Our attitude in life, which is naturally perfected through observation and openness to life experiences, is of great importance to take life one day at the time.
Let us say that I entered into a gym to exercise.
The gym features strident music among other things, it could be a mad house if someone turns the volume on of their wall mounted TV while using the stationary bike or headphones or just to see the different TVs displaying different programs with blistering images in all of them.
If my “ego gym” has been built around a tranquil, noise-less scenario; obviously there will be a reaction.
“ I am not exercising in that mad house. Why should I do that? All those people must be deaf in there!”
The above scenario happens in many other aspects of life very often.
We may discriminate “them” for being crazy, out-of touch-with reality, impure, savage, profane, impious, etc.
Then a commandment to live by, is necessary which will give us the sense of “being right” and for “them” to be “wrong.”
That self-righteousness will not allow someone to integrate into the Totality of “what is.”
“You shall have distaste for noisy places,” utters the commandment.
Someone who plays “rebel” to that commandment will support the opposite view: “ Noisy places are good.”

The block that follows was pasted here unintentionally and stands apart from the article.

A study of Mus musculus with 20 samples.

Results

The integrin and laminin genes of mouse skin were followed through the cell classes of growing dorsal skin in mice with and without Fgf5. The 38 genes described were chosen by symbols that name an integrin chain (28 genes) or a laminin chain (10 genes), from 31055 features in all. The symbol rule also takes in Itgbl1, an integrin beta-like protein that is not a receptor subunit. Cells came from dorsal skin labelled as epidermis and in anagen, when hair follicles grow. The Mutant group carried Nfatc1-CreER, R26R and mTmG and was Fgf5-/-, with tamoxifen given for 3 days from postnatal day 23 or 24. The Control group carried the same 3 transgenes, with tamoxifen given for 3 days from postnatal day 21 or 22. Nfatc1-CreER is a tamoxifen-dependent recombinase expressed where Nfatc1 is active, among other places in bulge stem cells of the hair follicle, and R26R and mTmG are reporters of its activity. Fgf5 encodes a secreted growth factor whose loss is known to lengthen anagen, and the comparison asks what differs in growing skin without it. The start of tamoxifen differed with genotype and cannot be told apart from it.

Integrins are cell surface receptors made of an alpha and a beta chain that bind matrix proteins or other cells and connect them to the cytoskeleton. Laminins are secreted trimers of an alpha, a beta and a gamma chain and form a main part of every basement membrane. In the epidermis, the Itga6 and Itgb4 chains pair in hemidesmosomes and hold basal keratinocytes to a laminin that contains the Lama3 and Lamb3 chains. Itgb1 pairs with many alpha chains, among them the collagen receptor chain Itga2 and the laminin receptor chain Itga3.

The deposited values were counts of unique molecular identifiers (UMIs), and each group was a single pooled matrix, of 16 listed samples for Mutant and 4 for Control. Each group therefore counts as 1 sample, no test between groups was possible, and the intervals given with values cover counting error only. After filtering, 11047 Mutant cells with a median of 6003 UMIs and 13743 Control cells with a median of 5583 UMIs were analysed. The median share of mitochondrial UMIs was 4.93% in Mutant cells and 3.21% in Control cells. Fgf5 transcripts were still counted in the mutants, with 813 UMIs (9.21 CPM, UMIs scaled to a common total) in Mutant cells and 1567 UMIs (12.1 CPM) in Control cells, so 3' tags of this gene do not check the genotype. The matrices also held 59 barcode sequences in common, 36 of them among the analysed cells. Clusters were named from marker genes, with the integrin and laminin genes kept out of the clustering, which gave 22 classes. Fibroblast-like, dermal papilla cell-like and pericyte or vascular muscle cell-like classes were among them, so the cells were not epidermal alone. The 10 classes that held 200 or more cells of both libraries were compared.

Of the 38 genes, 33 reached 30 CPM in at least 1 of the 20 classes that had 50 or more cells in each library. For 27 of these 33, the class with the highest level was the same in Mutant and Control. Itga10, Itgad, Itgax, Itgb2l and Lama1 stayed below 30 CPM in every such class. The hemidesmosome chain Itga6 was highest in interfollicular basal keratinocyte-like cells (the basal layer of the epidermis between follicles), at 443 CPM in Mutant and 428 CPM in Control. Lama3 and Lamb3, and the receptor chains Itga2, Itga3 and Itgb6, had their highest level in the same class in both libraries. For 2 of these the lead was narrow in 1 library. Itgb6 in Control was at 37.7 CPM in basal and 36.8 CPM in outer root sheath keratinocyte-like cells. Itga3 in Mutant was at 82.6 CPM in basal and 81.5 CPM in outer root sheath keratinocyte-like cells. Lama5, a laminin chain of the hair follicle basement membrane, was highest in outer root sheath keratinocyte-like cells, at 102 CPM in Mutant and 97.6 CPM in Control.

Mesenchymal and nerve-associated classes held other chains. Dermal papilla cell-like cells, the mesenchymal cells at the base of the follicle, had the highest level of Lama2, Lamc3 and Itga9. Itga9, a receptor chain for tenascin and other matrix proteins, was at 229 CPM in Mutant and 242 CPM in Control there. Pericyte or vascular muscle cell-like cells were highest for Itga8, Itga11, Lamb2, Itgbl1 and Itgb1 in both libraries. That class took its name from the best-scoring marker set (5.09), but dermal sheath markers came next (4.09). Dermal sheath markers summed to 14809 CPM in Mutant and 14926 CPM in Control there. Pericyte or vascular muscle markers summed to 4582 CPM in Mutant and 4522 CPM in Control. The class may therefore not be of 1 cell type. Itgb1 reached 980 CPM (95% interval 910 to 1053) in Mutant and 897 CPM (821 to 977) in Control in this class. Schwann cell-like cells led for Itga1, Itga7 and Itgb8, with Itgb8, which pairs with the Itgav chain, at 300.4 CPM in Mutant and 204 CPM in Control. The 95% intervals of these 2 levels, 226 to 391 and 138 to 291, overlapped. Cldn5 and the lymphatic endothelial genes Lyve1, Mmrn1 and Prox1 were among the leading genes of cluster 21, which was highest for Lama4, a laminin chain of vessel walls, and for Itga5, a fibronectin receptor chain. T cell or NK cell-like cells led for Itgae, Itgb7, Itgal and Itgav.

That is life in duality.
When we learn to integrate, there is no questions about “commandments” even if there is a belief that “a higher God has said so.”
Why? Because life is not “black or white.”
When we learn to integrate we will be mindful of our own state of consciousness, how we feel at that moment, the circumstances and the overall context, in such a way that our response is not a rejection, but it is harmonious, in balance with “what is.” That response is non-intellectual, by the way.
The above requires far more sensibility than following a “black and white” commandment. It requires a different state of consciousness.
Sometimes to integrate with the craziness of the noisy Gym is what is required. Many times our minds need a change from linear activities, “the same old thing.”
At other times, to leave the place will be harmonious, yet at other times to go inside for a brief time.
What is important is to acknowledge, “what is,” to appreciate it without an inner rejection just because it goes against our beliefs or commandments or any other idea; for there is a recognition that something that “is” has a reason to be there. Integration is not to “go into it” but to know when to do it, without hurting others, without “teaching” others, without the “ego” of believing that our ways are the “righteous ways.”
Because our static ways could never be the standard of “righteousness” in an ever changing, surprising Life.